One of my all-time tech heroes surfaced on Quora this week to tell the story behind this 11-year-old photograph.
From Kay’s answer Wednesday to the question What did Alan Kay and Steve Jobs talk about at the 2007 iPhone keynote?
Later, I was chief scientist of Atari for a few years (81–84), and Steve and I would periodically have lunch. The last year of Atari was a collapse and I eventually accepted Steve’s invitation to come to Apple.
In 1984, Time or Newsweek [ex ped: it was Newsweek] asked me my opinion of the Macintosh, and I said “The Mac is the first personal computer good enough to be criticized”. Internally at Apple, my first memo had the title “Have I got a deal for you: a Honda with a one-quart gas tank!”. Steve did not like this memo, but what could he do given the history, and that it was quite true?
Steve and I remained friends (I was the go-between that brought him together with the people who were to become Pixar).
I think he invited me to the 2007 iPhone unveiling partly because it was kind of a tiny “Dynabook” — and he had always wanted to do one — and partly becausethat he had always taken to heart “People who are really serious about software should make their own hardware”.
The photo of us chatting was taken right after the event. He brought the iPhone to me, put it in my hands, and asked: “Alan, is this good enough to be criticized?”. My reply was to make a shape with my hands the size of an iPad: “Steve, make it this size and you’ll rule the world”.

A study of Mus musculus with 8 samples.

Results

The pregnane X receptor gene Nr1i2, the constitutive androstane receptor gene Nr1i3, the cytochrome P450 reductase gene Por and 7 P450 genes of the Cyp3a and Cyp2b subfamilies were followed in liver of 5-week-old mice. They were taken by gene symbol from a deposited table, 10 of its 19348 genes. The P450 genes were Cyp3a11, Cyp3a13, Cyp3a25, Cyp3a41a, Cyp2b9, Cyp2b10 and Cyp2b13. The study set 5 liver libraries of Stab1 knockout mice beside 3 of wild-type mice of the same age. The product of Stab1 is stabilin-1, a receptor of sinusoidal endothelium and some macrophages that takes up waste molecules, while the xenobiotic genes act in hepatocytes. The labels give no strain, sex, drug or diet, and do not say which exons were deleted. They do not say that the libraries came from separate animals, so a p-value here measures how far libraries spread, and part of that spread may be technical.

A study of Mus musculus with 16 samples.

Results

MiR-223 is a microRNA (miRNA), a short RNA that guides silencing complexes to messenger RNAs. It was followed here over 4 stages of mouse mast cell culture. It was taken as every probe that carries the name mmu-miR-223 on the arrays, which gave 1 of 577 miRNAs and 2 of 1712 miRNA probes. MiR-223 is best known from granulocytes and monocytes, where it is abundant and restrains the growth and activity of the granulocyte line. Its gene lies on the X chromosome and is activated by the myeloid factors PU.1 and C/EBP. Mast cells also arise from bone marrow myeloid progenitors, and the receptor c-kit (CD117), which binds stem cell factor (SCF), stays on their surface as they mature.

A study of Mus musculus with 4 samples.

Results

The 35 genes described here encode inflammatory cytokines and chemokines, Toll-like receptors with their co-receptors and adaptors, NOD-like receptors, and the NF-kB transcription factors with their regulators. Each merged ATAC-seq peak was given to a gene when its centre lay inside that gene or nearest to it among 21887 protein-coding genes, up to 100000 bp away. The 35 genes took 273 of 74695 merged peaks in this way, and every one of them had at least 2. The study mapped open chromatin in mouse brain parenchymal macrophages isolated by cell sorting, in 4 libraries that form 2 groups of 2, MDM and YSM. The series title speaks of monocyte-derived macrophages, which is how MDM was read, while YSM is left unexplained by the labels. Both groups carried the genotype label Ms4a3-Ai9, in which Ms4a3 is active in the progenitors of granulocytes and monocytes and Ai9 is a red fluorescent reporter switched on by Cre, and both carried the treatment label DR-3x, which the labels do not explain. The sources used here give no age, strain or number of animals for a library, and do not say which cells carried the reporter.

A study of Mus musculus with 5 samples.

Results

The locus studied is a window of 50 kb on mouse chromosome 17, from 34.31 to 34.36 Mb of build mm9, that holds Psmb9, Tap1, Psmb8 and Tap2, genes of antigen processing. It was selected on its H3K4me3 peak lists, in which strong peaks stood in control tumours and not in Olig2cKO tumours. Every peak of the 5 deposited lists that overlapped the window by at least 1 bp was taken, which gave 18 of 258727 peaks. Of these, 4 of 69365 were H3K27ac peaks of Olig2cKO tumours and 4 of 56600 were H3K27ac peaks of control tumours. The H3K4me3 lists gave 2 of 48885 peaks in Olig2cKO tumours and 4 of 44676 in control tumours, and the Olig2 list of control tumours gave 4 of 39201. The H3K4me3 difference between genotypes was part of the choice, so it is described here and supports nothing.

When the iPhone had been revealed a few minutes earlier I realized that they must already have done an iPad/Dynabook-like machine (easier) and that the “iPhone first” must have been a marketing/timing decision.
My take: Alan Kay, the inventor of Smalltalk and a driving force behind Xerox PARC, is high up in my pantheon of tech heroes. Andy Hertzfeld called a lecture he heard Kay give in 1982, while Hertzfeld was writing the control manager for the original Macintosh, “perhaps the most inspiring talk that I ever attended.” Hertzfeld took notes, transcribed them, and shared them with Jobs and the rest of the Macintosh team. Among the Alan Kay aphorisms he captured that night:
- The best way to predict the future is to invent it.
- Humans like fantasy and sharing. Fantasy fulfills a need for a simpler, more controllable world. Sharing is important – we’re all communication junkies
- Find a central metaphor that’s so good that everything aligns to it. The metaphor should be crisp and fun.
- Turn up your nose at good ideas. You must work on great ideas, not good ones.
- The computer shouldn’t act like it knows everything.
- Systems programmers are high priests of a low cult.
- Remember, it’s all software, it just depends on when you crystallize it.
- People who are really serious about software should make their own hardware.
Hertzfeld’s original notes are available here.